Album Review :: Carlo Capobianco :: Pray To You

by Rish Hanco

Carlo Capobianco’s debut full-length album, Pray To You (released April 20th), is a carefully curated collection of pop ballads sure to make you swoon and dance. The album shines with all the glamour and grandeur of pop, breaking down at times into something grittier and heavier. Likewise, the album’s themes of innocent infatuation and self-deprecating obsession weave together into high highs and low lows. 

The first track, “Call You Sometime,” introduces the theme of innocence. The feelings brought on by a fresh crush are playful and sweet. The opening lines express this sweetness in an almost childlike way: “You smell like baby powder and strawberries in the summer.” The song sounds like sunshine. 

This beautiful mirage of love is quickly shattered as the next songs on the album bring forth the obsession and the self-deprecation that comes from loving one who is inattentive and unattainable. The concept of love as a “Mermaid” betrays a sense that this recipient of one’s love is only a myth, a wishful dream, something fleeting (‘mermaid, don’t you go away’). The song dissolves into layers of fuzz and vocals that create an atmosphere of strangeness, of something otherworldly.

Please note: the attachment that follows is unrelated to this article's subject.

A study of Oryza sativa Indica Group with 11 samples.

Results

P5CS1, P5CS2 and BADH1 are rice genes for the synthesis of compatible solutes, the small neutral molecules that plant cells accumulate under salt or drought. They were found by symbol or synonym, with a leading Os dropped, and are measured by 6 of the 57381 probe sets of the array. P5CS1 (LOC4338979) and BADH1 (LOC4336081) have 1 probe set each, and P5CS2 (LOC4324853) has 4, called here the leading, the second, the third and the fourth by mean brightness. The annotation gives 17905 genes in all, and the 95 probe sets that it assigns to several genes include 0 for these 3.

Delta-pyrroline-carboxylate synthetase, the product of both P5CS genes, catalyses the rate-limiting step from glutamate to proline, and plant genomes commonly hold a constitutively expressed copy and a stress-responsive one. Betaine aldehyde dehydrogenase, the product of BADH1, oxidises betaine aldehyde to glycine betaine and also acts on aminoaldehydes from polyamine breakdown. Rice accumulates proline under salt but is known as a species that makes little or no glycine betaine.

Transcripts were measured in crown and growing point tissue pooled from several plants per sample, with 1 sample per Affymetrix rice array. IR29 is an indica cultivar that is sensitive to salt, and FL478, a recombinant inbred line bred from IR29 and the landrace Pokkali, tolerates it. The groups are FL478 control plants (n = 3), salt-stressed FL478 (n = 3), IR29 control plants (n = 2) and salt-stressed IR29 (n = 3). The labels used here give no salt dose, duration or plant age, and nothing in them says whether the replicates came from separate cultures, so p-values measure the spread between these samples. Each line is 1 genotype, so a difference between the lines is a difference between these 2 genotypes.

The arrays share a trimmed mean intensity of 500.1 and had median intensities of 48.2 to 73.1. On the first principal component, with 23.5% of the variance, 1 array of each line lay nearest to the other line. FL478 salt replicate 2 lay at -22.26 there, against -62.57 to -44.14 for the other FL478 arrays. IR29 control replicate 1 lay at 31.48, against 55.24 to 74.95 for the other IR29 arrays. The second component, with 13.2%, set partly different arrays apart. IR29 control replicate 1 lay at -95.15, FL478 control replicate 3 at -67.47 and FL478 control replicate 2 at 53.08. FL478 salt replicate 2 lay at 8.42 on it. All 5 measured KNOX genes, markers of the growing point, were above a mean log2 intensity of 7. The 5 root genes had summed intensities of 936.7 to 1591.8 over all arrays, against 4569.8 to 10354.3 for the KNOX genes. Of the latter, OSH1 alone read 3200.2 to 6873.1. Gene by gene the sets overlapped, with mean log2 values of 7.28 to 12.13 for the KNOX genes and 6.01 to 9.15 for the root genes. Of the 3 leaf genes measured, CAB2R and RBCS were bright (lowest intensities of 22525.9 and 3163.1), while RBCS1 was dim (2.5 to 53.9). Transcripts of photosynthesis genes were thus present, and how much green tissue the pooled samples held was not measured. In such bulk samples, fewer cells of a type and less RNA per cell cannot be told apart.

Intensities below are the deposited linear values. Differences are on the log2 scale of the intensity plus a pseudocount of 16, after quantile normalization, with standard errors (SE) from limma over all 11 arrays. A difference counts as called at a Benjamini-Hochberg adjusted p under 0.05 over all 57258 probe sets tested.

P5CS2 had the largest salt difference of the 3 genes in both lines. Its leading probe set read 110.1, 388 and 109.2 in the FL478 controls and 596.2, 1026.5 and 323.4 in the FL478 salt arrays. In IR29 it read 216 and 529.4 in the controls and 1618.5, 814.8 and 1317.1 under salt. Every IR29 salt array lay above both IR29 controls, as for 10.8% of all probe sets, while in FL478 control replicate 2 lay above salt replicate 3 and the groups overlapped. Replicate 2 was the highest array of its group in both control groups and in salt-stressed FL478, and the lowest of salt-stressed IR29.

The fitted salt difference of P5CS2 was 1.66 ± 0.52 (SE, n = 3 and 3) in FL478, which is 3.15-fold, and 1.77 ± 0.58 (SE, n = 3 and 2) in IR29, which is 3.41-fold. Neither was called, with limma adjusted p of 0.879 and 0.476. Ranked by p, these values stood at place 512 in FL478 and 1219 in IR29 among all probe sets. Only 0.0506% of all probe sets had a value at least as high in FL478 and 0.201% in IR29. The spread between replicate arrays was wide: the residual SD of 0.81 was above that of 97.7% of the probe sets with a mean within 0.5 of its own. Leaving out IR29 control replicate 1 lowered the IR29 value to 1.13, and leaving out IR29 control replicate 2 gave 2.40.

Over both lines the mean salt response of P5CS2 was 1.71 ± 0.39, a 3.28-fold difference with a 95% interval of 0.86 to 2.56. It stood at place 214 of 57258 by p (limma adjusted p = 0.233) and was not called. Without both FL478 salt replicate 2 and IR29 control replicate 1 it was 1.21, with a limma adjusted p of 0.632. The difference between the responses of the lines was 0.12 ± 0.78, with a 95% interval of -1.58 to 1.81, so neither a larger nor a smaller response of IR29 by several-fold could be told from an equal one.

There is a feeling of discord, an internal struggle which is articulated in lines like ‘Jesus wants me pure, but I can’t be so sure, I look into the mirror, and see myself a whore,’ (“Pray To You”) and ‘you gotta dance with the devil, to get into heaven’ (“Dance With The Devil”). The idea of subjecting yourself to a person’s toxicity in exchange for one glimmering moment of satisfaction and affection is all too relatable.

Despite the tragic subject matter of a love lost and unreciprocated, the album as a whole is buoyant and playful. Glittering synths lay the foundation for pop, with cheeky, energetic bass lines slipping in and out and drums that beat along in time and amplify the grandeur of the album as one congruous piece. That playful pop sound permeating the album lends well to those moments where a song breaks down, those gritty rock elements shining through and lending an earnestness that hits the album’s subject matter home.